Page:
But Joseph said to them, “Do not fear, for am I in the place of God? As for you, you meant evil against me, but God meant it for good, to bring it about that many people should be kept alive, as they are today. So do not fear; I will provide for you and your little ones.” Thus he comforted them and spoke kindly to them. (Bereshit / Genesis 50:19-21; ESV)
The past few weeks we have been looking at a truly remarkable character, Jacob’s son Joseph. In the message, Exceptional, we looked at what made Joseph remarkable. In Are You Ready?, we saw how Joseph’s difficult circumstances prepared him to do remarkable things. Then, last week, in Joseph: The Messiah’s Mirror, we listed a number of ways in which Joseph’s life remarkably foreshadows the Messiah. But what is perhaps the most remarkable thing of all is Joseph’s lack of bitterness toward his brothers.
This must have been remarkable to his brothers too. For they had a hard time accepting that Joseph’s kindness was truly genuine. They thought he was only being nice to them on account of their father. They surmised that upon Jacob’s death, Joseph would finally get back at them for all the terrible things they had done to him. While it grieved Joseph that his brothers would think this way, their concern doesn’t surprise me. I don’t know how many people would behave as Joseph did. It’s difficult enough to get over minor offenses, let alone spending years in servitude and imprisonment due to the jealousy of one’s own family members! Yet Joseph did get over it. The injustice of the past didn’t prevent him from becoming a kind and generous leader. He exhibited no resentment toward his brothers whatsoever.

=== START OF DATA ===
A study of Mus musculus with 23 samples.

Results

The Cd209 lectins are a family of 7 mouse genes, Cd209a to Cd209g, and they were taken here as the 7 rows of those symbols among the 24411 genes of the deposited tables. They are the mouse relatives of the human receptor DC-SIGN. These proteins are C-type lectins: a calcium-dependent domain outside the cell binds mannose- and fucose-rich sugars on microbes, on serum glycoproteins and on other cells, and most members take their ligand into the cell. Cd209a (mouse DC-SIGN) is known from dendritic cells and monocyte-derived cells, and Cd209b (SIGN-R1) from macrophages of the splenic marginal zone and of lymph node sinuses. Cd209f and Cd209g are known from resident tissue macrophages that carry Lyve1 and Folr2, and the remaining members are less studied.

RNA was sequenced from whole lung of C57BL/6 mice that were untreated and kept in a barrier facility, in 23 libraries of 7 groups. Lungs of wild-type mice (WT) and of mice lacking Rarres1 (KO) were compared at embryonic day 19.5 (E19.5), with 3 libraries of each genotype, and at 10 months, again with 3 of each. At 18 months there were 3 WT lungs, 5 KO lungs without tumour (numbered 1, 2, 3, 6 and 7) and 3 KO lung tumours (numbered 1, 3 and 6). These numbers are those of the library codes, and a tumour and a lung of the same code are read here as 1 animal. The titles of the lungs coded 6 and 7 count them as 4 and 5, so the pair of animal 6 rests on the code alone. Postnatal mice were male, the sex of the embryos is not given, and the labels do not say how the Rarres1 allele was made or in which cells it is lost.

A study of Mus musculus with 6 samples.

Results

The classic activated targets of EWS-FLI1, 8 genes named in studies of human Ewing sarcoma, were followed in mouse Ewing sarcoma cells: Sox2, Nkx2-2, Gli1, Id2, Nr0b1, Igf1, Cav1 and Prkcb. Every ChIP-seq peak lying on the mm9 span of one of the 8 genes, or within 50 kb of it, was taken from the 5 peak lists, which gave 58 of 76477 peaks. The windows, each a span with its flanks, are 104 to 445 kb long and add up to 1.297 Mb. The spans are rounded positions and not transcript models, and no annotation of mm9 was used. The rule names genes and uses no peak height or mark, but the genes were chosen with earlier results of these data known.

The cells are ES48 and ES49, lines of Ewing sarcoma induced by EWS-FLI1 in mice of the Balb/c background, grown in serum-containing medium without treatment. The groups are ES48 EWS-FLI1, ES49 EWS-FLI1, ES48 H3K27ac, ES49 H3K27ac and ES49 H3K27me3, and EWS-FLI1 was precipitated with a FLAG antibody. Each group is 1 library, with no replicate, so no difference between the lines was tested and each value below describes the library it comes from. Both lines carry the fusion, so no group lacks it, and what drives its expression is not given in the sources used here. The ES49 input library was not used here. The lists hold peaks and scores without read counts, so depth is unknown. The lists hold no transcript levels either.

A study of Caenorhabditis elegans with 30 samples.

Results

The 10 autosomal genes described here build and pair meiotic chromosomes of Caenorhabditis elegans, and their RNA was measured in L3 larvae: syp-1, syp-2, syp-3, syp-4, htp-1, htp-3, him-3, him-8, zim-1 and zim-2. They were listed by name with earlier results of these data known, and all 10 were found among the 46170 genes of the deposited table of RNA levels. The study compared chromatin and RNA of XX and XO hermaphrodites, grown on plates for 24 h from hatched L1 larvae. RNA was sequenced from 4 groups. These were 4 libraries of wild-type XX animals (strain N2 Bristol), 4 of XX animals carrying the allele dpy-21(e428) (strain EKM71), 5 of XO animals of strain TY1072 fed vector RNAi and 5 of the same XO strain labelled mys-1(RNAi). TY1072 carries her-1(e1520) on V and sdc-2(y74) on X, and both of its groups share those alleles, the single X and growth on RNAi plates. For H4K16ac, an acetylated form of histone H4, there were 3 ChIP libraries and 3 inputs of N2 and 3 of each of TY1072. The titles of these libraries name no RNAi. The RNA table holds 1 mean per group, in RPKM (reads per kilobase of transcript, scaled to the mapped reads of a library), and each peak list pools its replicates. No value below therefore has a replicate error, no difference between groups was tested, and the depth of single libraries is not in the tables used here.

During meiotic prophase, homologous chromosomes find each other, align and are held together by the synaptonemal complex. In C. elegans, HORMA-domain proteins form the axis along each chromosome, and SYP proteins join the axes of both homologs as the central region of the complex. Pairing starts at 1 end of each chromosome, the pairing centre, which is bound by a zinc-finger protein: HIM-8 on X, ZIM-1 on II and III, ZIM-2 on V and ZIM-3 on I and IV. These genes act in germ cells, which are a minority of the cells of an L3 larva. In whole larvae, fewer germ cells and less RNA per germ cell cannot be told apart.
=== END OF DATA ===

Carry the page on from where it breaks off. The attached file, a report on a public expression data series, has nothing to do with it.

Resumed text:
Why was Joseph like this? If this was a current news story, commentators would look for ulterior motives. Was he was being nice to them for the sake of advantageous political policy, since his being regarded as kind and generous was good for his image? Or perhaps he knew that coming down on his brothers would be more of a hassle than keeping the family peace.
But we don’t have to guess why he was the way he was. He himself tells us (and I believe him!), when he says to his brothers, “Do not fear, for am I in the place of God?” Joseph knew his place. He knew he wasn’t God and that God has an exclusive claim on certain areas of life. He knew he had no right to encroach on God’s domain. He realized that through his difficult circumstances, even though his brothers’ motives were evil, God was at work to preserve his family. He was not going to overrule God now by bringing harm to those to whom God intended good.
Human beings possess immeasurable ability for good and evil. Created for good, we have the potential to do much harm when we forget to give God his place. This is especially true when people’s lives are at stake as Joseph’s brothers’ were. When we don’t accept our place as Joseph did, we put the most vulnerable within our society (the preborn, the infirm, the elderly, etc.) at great risk. We encroach on God’s domain when we presume that we, rather than God, have the right to determine who among us may live and who will die. The prevalence of abortion and euthanasia appear to be logical outcomes in a culture marked by selfish consumerism. Unless we accept our place, no one is safe.